Republican Senate candidates say they would not back net neutrality

Posted April 28, 2014
Updated April 29, 2014

— The four leading candidates in North Carolina's Republican U.S. Senate primary all said Monday that they would oppose so-called "net neutrality" legislation and regulations, which would require Internet service providers to give equal access to all content providers, including streaming services such as Netflix.

Net neutrality is a major issue in the tech community and the subject of controversial Federal Communications Commission rule making. The commission is reportedly considering a proposal that would allow for the creation of faster lanes over which content could flow, if providers are willing to pay for it. 

Some consumer advocates say this would drive up user costs and give an advantage to established companies with deep pockets over start-up companies with innovative ideas.

During a debate broadcast by UNC-TV Monday night, Dr. Greg Brannon of Cary, Wilkesboro nurse Heather Grant, Rev. Mark Harris of Charlotte and state House Speaker Thom Tillis all said they oppose allowing the federal government to set rules for how much priority companies like Time Warner Cable needed to give certain kinds of Internet traffic.

Brannon said the Constitution doesn't give the federal government  the power to regulate such traffic.

"The worst thing in the world we could do is for the federal government to put in barriers to make things fair," Brannon said, adding that, when the federal government tries to enforce fairness, it is akin to socialism. 

Grant, too, said there "should be no government involvement," while Harris said, "I would oppose the federal government getting involved."

Tillis said that competition should be allowed to govern Internet speed. He pointed out that, in many places in North Carolina, consumers have a choice of Internet service providers.

Left unsaid: Those areas tend to be urban areas such as Raleigh, and there are still parts of North Carolina without access to high-speed Internet. 

"The last thing we need is the government to tell cable providers and Internet providers how fast or slow the content needs to be," Tillis said. 

It's worth noting that Tillis has faced criticism from a fellow Republican lawmaker for his support of a bill that would prohibit cities and counties from creating their own Internet services.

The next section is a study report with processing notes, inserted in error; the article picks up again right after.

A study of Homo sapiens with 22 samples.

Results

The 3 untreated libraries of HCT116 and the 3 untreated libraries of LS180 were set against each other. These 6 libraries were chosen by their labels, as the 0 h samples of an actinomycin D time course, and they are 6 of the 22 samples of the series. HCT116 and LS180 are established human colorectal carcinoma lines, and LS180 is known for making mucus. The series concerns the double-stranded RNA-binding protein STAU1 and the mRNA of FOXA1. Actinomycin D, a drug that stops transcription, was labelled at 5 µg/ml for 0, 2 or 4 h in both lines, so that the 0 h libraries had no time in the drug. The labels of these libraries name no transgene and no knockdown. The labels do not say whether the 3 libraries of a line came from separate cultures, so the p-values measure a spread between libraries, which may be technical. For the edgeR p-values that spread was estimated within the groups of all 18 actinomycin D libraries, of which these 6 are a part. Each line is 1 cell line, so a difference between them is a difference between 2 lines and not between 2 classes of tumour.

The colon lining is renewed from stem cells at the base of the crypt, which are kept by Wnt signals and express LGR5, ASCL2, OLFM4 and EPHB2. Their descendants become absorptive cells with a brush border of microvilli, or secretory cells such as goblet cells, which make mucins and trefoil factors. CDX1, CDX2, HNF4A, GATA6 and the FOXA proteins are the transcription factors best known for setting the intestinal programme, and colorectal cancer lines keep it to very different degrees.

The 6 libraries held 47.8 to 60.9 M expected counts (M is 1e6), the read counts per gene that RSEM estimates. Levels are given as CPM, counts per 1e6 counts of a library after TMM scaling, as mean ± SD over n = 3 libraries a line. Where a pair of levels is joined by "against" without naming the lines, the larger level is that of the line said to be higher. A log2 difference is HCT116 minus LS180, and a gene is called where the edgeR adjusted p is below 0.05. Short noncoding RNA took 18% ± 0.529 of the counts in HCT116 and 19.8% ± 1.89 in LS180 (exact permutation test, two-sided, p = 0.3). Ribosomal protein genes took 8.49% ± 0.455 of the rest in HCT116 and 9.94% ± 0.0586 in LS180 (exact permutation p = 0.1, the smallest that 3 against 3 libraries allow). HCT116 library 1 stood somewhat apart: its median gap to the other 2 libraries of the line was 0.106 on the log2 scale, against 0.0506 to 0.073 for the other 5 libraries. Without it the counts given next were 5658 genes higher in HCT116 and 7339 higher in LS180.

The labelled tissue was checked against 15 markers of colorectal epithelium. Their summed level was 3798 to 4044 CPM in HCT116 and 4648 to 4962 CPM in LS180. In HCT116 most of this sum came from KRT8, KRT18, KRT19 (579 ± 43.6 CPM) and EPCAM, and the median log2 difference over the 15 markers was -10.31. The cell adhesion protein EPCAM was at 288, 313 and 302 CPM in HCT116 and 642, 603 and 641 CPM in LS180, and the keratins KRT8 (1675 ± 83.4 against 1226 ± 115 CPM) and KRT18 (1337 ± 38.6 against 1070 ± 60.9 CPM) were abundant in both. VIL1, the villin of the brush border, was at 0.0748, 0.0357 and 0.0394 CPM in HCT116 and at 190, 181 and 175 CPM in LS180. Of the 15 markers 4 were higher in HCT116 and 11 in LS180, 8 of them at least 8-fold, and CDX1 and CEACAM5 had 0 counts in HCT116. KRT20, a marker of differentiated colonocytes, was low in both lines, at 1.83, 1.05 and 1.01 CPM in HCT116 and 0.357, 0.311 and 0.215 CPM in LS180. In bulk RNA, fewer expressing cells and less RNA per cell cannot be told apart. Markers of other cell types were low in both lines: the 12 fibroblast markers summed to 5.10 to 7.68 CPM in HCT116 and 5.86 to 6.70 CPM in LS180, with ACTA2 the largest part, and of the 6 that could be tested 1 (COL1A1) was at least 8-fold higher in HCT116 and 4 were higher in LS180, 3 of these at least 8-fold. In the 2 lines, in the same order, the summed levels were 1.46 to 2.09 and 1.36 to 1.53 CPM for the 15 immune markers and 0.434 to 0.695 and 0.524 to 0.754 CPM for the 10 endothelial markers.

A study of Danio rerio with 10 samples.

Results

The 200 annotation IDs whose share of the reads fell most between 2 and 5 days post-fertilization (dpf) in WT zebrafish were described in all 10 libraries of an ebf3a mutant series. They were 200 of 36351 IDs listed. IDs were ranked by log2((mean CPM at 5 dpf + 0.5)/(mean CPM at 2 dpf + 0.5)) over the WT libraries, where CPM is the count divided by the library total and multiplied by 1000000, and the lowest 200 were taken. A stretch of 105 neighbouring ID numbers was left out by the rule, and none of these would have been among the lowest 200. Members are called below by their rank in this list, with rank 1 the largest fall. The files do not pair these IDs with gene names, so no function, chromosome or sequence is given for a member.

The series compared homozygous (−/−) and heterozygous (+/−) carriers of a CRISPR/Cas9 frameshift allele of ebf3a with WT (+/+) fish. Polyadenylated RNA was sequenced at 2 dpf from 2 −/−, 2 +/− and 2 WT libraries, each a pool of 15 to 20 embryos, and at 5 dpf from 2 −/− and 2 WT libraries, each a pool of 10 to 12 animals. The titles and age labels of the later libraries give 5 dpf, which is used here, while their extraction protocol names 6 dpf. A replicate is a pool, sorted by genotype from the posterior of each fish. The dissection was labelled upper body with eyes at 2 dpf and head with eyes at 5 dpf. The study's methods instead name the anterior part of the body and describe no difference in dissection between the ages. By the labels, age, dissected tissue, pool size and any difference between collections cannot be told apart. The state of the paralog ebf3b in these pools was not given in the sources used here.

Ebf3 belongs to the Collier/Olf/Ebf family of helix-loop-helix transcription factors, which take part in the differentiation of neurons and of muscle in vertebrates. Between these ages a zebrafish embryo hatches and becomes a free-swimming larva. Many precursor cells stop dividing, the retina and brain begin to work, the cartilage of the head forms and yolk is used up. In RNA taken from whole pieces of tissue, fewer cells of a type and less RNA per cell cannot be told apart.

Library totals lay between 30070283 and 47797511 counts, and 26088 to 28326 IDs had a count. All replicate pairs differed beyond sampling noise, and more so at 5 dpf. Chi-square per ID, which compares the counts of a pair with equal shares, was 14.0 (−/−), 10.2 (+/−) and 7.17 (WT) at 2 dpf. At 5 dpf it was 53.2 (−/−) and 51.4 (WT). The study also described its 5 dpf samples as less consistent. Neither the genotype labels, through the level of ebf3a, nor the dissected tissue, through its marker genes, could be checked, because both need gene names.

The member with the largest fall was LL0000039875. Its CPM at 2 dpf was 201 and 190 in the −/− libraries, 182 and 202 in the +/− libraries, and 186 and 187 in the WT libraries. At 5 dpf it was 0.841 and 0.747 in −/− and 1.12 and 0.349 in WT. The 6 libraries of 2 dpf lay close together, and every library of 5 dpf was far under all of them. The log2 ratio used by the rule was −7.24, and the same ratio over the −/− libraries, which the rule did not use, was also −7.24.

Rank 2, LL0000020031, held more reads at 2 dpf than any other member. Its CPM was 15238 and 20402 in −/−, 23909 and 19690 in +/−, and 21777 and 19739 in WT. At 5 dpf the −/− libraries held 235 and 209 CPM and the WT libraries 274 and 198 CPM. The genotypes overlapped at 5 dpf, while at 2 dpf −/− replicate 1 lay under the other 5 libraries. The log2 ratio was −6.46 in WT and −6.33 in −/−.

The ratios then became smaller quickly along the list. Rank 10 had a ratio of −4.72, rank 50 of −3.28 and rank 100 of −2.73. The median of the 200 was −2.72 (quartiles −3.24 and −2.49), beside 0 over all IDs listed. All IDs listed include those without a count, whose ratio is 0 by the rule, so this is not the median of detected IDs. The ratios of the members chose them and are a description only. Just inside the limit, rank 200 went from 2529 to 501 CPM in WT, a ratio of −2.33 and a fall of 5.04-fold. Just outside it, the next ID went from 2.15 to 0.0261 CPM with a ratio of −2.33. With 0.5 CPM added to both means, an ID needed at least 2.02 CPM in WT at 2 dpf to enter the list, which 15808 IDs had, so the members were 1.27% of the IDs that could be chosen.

It is unclear what Hagan's position might be on the current FCC net neutrality proposal, but she is on the record as generally supporting the concept. 

"I support net neutrality because it speaks to the values central to our American Democracy – free speech and equal opportunity. With an open Internet, we can ensure communities throughout the state of North Carolina and the nation receive equal access to the Internet as well as the information contained there, to help ensure our country can compete on a global level," she said in 2008.




  • goldenosprey May 1, 2014


    This issue is illustrative of the truth that seems to elude conservatives. The GOP does not care about the abstract concept of "freedom", it cares only for faceless, unaccountable large corporations. Without neutrality all consumers will see costs go up, service become more restricted and slower, or both.

  • Alan Baker Apr 30, 2014
    user avatar


  • Drifter Apr 30, 2014

    All this does is drive up the cost for consumers. This is why net neutrality is needed. GOP's never figured out that businesses can't be trusted to self regulate, they'll do everything as cheap as possible, including service. Right now I pay a certain amount for upload/download speeds. It shouldn't matter what site I'm using, I should get those speeds. Without net neutrality, the cost of your ISP is going to go up (So you get preferred service), and the cost of your services will go up, because they have to pay your ISP more. It's win win for the ISP and lose lose for the consumer. And don't say we can just switch ISPs, despite what the GOP thinks, that's not really an option until we get faster/better/more competitive services like fiber and cable that aren't owned by one company.

    This pretty much ensures I don't vote GOP for senate.


    Net neutrality. Assigning the same speed limit to all roads.

  • Danny22 Apr 30, 2014

    I'm still waiting for my 2500.00 cost decrease for my healthcare. Anything the gov't touches turns into communism and takes away our privacy and rights. Look at the NSA.

  • denisdh Apr 30, 2014

    Net neutrality abolishes slavery of the internet companies giving preferential treatment to those that line their pockets.

  • dirtydozen431 Apr 30, 2014

    I just left the library in Durham and there is a Republican poll worker there that's yelling at everybody about his candidate. Its like politicking by volume.

  • Justin Case Apr 30, 2014
    user avatar

    I support net neutrality. It's one thing for me to pay for higher speeds to my house/business and something completely different to allow my ISP to control that speed based on business arrangements or political preferences for specific web sites. We don't need government skewing such a fundamental service as access to the world via internet.